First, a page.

Financial officers express optimism for 2015

The nation’s chief financial officers are upbeat about the growth of their businesses as well as the broader economy this year, a new survey showed on Tuesday.

CFO’s posted the eighth straight quarter of optimism about their organization’s prospects, with expectations for growth in earnings, sales and hiring in 2015, according to Deloitte’s fourth quarter survey.


In the final three months of last year, 49 percent of CFOs expressed improving optimism, an increase from 43.7 percent in the July-September quarter, and the highest level of optimism for all of 2014.

“CFOs hold a positive outlook for 2015, despite domestic and global uncertainties remaining on the horizon,” said Sanford Cockrell III, national managing partner, Deloitte.

"Key metrics look consistently stronger and confidence in the North American economy is increasing," Cockrell said.

The survey tracks the expectations of 100 CFOs from large North American companies.

Only 15.6 percent of CFOs expressed declining optimism, one of the lowest rates in the survey’s 19-quarter history.

Confidence in the North American economy remained high with 63 percent of CFOs describing it as good or very good, and 63 percent believing conditions will be better in a year.

The financial officers expectations for sales growth rose to 6 percent from 4.1 percent a year ago, though they decreased from 6.8 percent in the last quarter.

Earnings expectations increased to 9.7 percent from 8.6 percent a year ago, though again falling from 10.9 percent last quarter.

However, CFOs remain cautious about about industry regulations, government policies, equity market valuations and the performance of the European and Chinese economies.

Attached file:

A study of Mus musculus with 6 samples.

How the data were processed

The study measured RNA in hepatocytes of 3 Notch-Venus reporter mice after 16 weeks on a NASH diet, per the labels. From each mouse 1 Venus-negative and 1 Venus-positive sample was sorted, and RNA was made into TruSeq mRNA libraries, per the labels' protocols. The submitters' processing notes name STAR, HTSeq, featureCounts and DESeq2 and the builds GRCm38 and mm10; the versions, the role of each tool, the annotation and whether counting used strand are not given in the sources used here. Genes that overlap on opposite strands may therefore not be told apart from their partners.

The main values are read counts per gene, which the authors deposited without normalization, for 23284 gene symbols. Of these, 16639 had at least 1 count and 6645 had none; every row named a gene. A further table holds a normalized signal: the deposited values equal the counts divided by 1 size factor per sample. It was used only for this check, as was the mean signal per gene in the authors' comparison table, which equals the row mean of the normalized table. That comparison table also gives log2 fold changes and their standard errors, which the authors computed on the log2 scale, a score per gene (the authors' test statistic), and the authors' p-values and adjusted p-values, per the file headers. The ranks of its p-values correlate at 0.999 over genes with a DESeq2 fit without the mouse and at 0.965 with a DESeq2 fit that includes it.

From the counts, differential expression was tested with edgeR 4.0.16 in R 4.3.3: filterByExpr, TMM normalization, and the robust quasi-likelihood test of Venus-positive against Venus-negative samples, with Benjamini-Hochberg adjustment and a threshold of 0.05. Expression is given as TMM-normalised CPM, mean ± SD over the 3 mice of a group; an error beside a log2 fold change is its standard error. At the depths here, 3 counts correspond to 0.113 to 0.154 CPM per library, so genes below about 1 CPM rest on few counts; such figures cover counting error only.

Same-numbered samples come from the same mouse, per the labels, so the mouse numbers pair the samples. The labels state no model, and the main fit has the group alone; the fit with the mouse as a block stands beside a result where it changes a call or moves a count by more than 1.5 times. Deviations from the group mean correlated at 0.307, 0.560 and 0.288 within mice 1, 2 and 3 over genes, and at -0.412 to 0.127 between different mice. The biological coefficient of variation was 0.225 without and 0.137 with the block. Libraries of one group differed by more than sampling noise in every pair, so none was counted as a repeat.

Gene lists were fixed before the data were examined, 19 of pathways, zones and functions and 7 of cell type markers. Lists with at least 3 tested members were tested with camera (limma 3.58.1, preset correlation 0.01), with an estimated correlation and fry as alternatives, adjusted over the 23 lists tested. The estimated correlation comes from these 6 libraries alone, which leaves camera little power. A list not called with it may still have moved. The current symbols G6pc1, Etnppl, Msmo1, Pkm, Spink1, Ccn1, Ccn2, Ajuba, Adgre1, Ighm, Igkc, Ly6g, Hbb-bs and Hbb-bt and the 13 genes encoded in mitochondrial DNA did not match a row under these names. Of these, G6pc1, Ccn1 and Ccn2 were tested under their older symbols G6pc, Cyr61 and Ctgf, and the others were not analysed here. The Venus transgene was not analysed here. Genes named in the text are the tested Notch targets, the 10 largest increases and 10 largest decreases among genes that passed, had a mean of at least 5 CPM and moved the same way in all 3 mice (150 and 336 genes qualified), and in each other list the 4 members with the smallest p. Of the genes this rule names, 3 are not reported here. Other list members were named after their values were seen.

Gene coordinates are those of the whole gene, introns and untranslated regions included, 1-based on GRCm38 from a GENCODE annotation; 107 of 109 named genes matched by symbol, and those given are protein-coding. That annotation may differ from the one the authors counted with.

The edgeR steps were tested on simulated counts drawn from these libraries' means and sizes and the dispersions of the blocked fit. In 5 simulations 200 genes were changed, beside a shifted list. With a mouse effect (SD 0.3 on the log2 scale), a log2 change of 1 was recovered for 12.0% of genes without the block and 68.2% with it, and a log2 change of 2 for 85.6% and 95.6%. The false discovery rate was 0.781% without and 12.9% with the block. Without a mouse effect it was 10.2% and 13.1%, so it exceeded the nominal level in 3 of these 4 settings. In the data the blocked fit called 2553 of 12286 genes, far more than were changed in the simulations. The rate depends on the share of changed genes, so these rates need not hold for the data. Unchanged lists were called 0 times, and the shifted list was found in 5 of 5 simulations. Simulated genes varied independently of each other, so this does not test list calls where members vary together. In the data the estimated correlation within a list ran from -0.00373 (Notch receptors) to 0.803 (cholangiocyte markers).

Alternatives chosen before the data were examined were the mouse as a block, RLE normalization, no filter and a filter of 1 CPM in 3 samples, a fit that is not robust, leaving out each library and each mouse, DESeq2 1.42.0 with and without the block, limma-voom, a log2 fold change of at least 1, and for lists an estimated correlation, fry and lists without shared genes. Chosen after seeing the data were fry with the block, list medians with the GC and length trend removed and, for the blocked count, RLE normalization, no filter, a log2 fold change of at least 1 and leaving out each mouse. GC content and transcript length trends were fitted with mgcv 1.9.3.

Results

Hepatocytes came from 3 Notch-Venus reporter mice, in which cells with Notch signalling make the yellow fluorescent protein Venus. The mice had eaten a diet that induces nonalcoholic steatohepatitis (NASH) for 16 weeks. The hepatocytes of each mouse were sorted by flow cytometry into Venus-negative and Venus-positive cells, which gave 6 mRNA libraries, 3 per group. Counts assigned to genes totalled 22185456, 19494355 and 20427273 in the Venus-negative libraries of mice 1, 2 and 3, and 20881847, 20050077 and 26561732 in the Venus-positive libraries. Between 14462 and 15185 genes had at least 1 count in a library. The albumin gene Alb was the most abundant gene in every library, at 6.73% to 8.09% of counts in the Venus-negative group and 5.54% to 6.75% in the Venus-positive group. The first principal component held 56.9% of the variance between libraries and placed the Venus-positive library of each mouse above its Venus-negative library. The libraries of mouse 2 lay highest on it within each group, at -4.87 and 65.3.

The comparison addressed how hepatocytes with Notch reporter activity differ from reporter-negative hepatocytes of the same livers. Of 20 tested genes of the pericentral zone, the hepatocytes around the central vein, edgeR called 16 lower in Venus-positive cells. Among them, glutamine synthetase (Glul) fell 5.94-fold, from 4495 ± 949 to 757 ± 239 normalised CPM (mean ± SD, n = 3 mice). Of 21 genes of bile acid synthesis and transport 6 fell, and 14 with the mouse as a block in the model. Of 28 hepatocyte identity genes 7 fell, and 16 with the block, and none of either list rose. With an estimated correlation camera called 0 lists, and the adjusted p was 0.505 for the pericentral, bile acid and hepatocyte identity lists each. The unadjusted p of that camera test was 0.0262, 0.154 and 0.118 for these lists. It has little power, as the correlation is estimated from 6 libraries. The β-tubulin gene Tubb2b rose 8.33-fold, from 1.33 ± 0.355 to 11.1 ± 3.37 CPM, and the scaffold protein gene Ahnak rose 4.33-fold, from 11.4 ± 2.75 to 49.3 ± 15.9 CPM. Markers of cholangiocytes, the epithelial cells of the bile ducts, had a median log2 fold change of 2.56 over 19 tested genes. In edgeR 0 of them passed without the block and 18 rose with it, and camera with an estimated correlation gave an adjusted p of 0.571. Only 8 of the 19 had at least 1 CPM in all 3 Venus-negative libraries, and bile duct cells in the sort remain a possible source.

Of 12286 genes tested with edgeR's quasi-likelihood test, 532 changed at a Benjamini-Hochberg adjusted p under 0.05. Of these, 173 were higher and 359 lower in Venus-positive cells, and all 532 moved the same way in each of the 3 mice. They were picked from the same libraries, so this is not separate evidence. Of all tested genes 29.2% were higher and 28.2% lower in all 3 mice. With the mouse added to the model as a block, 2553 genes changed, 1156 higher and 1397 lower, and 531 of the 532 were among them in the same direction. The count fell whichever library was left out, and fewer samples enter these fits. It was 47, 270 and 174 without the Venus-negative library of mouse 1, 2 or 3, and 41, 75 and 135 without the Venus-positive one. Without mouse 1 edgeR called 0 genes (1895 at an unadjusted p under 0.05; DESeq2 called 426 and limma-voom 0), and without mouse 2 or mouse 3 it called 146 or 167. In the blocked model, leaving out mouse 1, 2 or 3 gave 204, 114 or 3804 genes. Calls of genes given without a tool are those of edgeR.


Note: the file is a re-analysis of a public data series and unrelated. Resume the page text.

They also expressed growing concern about interest rates and tax reform.

Industry-specific regulation (69 percent), monetary policy (55 percent), geopolitical events (49 percent) and fiscal policy (40 percent) were all flagged by CFOs as having a greater impact on business planning.

In looking at the global economy, 73 percent described the European economy as bad up from 47 percent in the third quarter and just 13 percent last year.

Views on China remained mediocre, with 34 percent saying the economy is good and 25 percent expecting improvement in the next year.

Despite global economic concerns, only around a quarter of CFOs said the European and China situations are affecting their business planning.

That optimism about the economy will lead to price increases, the CFOs said. 

Overall, 55 percent of CFOs confirmed they will raise prices this year, compared with just 18 percent who say they will be lower.

While 72 percent of CFOs expect interest rates to be higher in a year, only one third say this issue is affecting their pricing.

Also, only 27 percent confirmed that energy prices are affecting their pricing.